Friday, November 13, 2009

Notes on Marcel L'Herbier's L'Argent (1928)

Marcel L'Herbier's legendary L'Argent (1928), which screens November 14th and 15th at New York's Museum of Modern Art, and which was released in a two-disc, region-2 DVD set by Masters of Cinema for its eightieth anniversary in 2008, updates Emile Zola's eponymous, anti-speculatory serialization (1890; novel published in 1891) within the persuasive américanisme of post-Spirit of St. Louis, late 1920s Paris. Indeed, L'Herbier's parable of speculation and sex, set against a fictional, reverse trans-Atlantic flight, very much belongs to the "intellectual debate" surrounding this obsession with all things American that Wanda Corn has noted in her tome, The Great American Thing (132). The concern was, in the words of the author, whether américanisme was "simply a veneer or was it a more serious transformation of French life" (132)? Responding to this cultural anxiety, L'Argent portrays the reckless market speculation and the celebrity, fad culture surrounding the picture's aviator in a far more critical fashion than would have ever occurred within the American popular cinema at the time, or surely among the country's people at large (even if the North American nation's literature had produced an even more negative current, as exemplified by the works of Sinclair Lewis). For Hollywood, it would require the events of October 1929, and a lag-time of about three years, for more cautious and detracting work, such as Frank R. Capra's American Madness, William Dieterle's The Crash and Harry Beaumont's Faithless (all 1932), to appear.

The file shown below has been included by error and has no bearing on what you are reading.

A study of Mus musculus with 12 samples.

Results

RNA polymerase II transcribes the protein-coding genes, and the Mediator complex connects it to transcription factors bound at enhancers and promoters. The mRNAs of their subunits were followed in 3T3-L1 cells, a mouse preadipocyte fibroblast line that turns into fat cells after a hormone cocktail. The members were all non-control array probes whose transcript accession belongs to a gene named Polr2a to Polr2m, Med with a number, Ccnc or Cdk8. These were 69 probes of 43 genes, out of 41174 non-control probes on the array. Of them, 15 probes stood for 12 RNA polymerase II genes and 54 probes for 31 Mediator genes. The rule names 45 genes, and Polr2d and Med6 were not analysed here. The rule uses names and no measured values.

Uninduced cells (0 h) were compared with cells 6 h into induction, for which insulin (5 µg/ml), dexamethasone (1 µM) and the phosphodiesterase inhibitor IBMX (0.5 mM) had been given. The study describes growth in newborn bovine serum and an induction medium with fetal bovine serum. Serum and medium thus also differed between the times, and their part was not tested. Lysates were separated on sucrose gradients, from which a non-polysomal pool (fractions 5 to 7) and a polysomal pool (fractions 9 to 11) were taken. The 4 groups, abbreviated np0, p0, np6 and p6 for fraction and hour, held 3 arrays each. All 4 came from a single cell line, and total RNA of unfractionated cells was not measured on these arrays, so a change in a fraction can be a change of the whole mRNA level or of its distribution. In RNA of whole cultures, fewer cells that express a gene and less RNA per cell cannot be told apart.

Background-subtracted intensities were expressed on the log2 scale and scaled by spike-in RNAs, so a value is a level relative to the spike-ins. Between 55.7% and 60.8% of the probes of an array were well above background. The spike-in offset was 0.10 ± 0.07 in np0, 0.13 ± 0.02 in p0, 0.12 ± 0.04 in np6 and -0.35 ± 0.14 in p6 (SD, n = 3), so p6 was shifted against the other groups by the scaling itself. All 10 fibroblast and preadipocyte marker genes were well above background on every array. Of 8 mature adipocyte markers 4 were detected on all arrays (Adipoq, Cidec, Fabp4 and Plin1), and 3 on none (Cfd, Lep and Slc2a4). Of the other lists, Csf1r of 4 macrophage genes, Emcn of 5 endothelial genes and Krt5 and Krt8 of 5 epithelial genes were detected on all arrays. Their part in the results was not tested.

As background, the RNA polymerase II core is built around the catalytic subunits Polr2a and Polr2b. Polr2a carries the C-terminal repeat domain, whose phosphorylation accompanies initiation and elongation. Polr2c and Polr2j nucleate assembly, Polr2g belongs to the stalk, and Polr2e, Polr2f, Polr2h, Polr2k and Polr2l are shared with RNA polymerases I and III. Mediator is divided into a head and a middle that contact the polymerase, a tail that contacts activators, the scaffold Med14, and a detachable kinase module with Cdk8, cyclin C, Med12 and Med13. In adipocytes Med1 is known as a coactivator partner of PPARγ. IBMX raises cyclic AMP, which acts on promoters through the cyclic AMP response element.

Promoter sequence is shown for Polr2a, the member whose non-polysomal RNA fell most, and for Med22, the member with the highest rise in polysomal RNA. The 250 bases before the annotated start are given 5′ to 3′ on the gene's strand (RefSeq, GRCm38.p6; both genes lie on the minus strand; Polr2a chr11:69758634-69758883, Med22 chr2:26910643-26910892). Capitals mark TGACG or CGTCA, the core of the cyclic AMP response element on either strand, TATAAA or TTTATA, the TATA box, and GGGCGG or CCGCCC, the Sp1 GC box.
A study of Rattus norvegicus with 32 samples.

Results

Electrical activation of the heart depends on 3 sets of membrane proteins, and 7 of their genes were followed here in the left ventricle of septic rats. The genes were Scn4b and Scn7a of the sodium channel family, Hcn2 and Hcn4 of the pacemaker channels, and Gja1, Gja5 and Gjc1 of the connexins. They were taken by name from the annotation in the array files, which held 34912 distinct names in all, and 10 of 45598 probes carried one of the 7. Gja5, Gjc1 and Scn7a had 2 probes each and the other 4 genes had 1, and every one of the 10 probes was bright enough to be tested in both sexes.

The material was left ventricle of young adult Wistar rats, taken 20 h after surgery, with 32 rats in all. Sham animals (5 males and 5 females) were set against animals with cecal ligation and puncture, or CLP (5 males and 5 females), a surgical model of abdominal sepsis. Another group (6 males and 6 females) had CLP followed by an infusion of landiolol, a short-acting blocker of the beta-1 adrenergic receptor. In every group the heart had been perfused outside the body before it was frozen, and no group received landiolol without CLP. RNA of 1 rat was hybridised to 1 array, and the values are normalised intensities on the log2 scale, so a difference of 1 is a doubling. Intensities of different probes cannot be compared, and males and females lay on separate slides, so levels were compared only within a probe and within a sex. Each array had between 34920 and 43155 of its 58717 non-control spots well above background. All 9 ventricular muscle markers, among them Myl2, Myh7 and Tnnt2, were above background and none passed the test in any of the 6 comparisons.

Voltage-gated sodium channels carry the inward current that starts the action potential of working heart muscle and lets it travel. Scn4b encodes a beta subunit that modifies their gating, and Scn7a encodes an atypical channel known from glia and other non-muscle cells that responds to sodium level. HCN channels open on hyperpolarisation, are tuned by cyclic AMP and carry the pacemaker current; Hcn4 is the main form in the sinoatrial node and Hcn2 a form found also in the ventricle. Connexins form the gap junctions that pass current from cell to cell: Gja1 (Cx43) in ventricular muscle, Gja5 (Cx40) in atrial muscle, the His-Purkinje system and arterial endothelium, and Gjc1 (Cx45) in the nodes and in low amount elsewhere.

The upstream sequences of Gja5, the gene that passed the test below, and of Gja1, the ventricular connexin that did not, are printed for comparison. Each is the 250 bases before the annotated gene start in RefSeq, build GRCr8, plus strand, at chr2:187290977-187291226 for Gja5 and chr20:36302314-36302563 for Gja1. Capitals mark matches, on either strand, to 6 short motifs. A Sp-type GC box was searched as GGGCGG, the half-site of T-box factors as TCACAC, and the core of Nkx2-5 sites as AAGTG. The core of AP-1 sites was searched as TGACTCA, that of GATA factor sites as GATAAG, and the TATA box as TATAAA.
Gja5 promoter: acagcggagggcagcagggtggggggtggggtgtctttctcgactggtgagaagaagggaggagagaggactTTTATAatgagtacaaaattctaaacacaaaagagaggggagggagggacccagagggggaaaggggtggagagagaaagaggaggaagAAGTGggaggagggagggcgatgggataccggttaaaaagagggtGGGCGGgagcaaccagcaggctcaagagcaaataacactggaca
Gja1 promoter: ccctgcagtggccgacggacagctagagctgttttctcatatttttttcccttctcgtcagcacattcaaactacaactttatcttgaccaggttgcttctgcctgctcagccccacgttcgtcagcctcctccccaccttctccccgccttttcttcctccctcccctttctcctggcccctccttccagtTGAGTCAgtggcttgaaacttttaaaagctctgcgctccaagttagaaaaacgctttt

If L'Argent proves ahead of Hollywood in this respect, it remains avowedly - and to its benefit, certainly - of a moment that was quickly passing: the silent era of cinema. Continuously showcasing the camera mobility that was among the greatest filmic virtues of the age - the film's contemporary making-of documentary, Jean Dréville's Autour de l'argent (1929), reveals how L'Herbier simulated crane-shots, for example, in a period where these were all-but unheard of in the French industry: by swinging the cinematographer on a board above the action; likewise Dréville presents the very amateur means utilized to capture the revolving shots on the circular set - and which define many of its greatest works (F. W. Murnau's unparalleled Sunrise [1927], the exuberant, silent portion of Paul Fejos's transitional Lonesome [1928]). L'Herbier provides a rigorously mimetic dislocation of feeling onto the spatial environment; or, as Richard Abel has argued, L'Argent has invented "highly original strategies of camera movement and editing [that] helped to critique its wealthy characters and milieux" (The Oxford History of World Cinema 122). Among the most striking of these are its nose-dive compositions of the film's stock market floor - to secure what L'Herbier called the "ant's nest impression" of the environment - which again, as depicted in Autour de l'argent, were achieved by mooring the camera to a plunging cable.

This space, thusly, calls to mind Michelangelo Antonioni's L'eclisse (1962), just as it prefigures the nexus of sex and money that emerges as the director's primary subject. Similarly, L'Herbier's film reminds of Jean Renoir's The Rules of the Game (1939), and specifically, of that film's aviator subject and upper-class critique, to say nothing of its fluid camera work. (Moreover, its enormous set work, not unlike Fritz Lang's Metropolis [1927], whose female lead, Brigitte Helm, L'Argent shares, provide an additional dimension of critique that is at once metaphorical and spectacular, as Lisa K. Broad points out; it is out-of-control and aspirational at once.) Hence, L'Argent recalls the very best of European cinema, and whether or not it deserves to be classified on the same towering level - there is something less than satisfying about its antiquated melodramatic reveal in the final act - it shares the enormity of ambition of Antonioni's and Renoir's masterpieces. Like its cousins, or perhaps even its conscious descendants, L'Argent seeks to remake film language in the image of its protagonists, while critiquing a world on the verge of breakdown.